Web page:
Thanks to everyone who wrote in last week giving your opinion of U.S. competitiveness and the role technologies and government have to play (see, "Don't Let U.S. Tech Edge Slip"). Some criticized high-tech CEOs for sending jobs offshore instead of investing in U.S. resources. "The adage 'necessity is the mother of invention' is true. Necessity is also the mother of innovation. ... Technology and innovation are going to happen everywhere, but these same CEOs bemoaning the loss of our technical edge are the ones who are frittering it away for an enhanced short-term bottom line," one reader said.
Another said, "Where we fall behind other major world players is in scale. ... Our systems fall behind when it comes to coverage, not technology. The telecom companies refuse to spread out to rural areas because, according to them, they have to upgrade their systems and they wouldn't get big $$$$ returns. It's not the technology that's in jeopardy, it's the availability that's killing us."
Another said not to forget the innovation that has come from government. "It's somewhat befuddling that you can hail private concern about innovation by the very private, 'free-market,' interests who aren't doing it, while conveniently forgetting the government-driven history of technology in the USA."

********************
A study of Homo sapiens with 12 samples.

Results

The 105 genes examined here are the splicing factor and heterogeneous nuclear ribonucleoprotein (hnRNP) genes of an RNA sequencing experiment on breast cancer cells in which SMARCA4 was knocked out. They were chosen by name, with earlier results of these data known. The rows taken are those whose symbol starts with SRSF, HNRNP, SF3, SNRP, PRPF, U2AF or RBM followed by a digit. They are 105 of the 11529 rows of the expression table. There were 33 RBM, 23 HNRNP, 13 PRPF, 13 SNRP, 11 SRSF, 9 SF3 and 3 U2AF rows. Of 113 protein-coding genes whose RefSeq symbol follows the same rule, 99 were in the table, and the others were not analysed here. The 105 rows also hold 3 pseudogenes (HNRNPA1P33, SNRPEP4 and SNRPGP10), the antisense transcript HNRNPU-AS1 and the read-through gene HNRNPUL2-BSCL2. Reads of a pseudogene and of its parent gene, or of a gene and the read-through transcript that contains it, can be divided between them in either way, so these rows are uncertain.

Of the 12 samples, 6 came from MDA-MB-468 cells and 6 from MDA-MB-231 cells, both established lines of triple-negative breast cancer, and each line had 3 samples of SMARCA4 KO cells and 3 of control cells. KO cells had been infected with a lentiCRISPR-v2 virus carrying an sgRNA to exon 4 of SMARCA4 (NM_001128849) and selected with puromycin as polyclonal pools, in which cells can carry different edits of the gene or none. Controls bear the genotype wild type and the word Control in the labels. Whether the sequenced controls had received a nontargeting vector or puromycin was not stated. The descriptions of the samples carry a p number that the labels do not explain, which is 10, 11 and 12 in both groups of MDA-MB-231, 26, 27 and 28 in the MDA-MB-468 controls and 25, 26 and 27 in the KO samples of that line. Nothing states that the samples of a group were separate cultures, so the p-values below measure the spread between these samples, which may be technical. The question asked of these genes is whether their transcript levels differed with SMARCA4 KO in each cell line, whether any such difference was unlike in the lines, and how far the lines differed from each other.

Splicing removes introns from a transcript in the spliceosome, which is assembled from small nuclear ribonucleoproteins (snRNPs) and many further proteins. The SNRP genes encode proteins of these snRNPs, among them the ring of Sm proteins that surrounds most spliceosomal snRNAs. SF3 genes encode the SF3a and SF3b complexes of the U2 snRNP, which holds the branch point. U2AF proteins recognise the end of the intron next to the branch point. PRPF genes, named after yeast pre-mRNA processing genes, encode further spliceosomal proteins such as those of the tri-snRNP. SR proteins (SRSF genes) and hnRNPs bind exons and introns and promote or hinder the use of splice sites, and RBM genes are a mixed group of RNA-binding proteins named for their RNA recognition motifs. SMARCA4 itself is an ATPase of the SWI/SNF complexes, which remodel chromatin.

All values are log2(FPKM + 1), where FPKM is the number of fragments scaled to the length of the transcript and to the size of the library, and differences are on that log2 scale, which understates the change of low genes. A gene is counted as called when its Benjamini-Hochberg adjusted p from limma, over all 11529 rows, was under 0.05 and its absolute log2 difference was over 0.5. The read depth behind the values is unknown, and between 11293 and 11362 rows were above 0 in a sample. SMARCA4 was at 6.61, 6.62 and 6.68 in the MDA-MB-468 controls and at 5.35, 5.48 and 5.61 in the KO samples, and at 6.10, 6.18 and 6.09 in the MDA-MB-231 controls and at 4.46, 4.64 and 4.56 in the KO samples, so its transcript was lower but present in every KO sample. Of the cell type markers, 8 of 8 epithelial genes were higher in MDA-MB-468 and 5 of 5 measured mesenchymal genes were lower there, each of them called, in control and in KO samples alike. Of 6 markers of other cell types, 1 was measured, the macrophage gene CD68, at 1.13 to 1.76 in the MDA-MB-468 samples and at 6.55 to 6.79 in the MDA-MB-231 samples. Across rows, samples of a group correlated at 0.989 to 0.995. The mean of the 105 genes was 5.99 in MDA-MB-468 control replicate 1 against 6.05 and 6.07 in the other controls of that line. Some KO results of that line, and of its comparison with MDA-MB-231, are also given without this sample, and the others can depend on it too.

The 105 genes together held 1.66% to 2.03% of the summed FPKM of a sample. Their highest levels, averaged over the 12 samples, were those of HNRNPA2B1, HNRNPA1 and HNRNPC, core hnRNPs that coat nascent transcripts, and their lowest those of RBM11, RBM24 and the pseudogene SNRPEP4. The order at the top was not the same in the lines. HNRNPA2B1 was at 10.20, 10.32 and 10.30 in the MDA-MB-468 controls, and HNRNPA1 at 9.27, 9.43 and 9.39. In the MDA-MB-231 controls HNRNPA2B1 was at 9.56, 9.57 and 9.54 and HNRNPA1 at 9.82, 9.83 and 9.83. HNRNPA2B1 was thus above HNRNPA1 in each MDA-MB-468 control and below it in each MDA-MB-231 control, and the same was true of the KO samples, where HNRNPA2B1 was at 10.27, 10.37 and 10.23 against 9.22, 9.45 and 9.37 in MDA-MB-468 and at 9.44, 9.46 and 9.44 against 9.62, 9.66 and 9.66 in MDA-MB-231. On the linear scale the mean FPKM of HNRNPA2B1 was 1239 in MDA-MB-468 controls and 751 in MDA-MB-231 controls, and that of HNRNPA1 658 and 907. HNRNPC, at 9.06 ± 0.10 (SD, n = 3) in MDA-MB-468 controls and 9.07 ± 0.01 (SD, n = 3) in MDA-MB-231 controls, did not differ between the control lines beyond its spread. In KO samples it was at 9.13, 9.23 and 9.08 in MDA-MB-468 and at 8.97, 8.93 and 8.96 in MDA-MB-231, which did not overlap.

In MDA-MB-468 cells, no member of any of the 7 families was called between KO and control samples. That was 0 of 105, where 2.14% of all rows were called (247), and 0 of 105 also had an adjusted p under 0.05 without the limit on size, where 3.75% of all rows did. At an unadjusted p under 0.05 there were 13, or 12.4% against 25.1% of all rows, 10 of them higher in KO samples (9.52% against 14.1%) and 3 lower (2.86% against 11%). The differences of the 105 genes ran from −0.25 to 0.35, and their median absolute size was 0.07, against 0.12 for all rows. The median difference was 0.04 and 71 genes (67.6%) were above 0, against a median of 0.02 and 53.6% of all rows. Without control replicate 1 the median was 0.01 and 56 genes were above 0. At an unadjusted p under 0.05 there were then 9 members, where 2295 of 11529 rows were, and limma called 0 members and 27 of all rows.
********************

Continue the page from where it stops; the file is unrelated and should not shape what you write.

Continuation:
The debate over U.S. competitiveness isn't going to diminish anytime soon, and there's room for innovation and outsourcing, but we've got good reasons to be confident. It was gratifying last week to be in the company of some of the nation's leading technology and science pioneers and the next generation of innovators. During a ceremony at the White House, President Bush awarded the National Medals of Science and Technology to the inventor of Ethernet, one of the industry's leading visionaries on software quality, and others (see, Ethernet Inventor And Software-Quality Visionary Earn Technology Medals). In the audience were the participants in the Intel Science Talent Search contest (see, Intel Education: Highlights From Intel STS 2005). The winner, a 17-year-old senior from Hunter College High School, developed a sensor for rapidly detecting exposure to toxic biochemical agents.
If these pioneers and kids don't give you a feeling of a very bright future where technology innovation is limitless, then I don't know what will. Congrats to the past, current, and future innovators.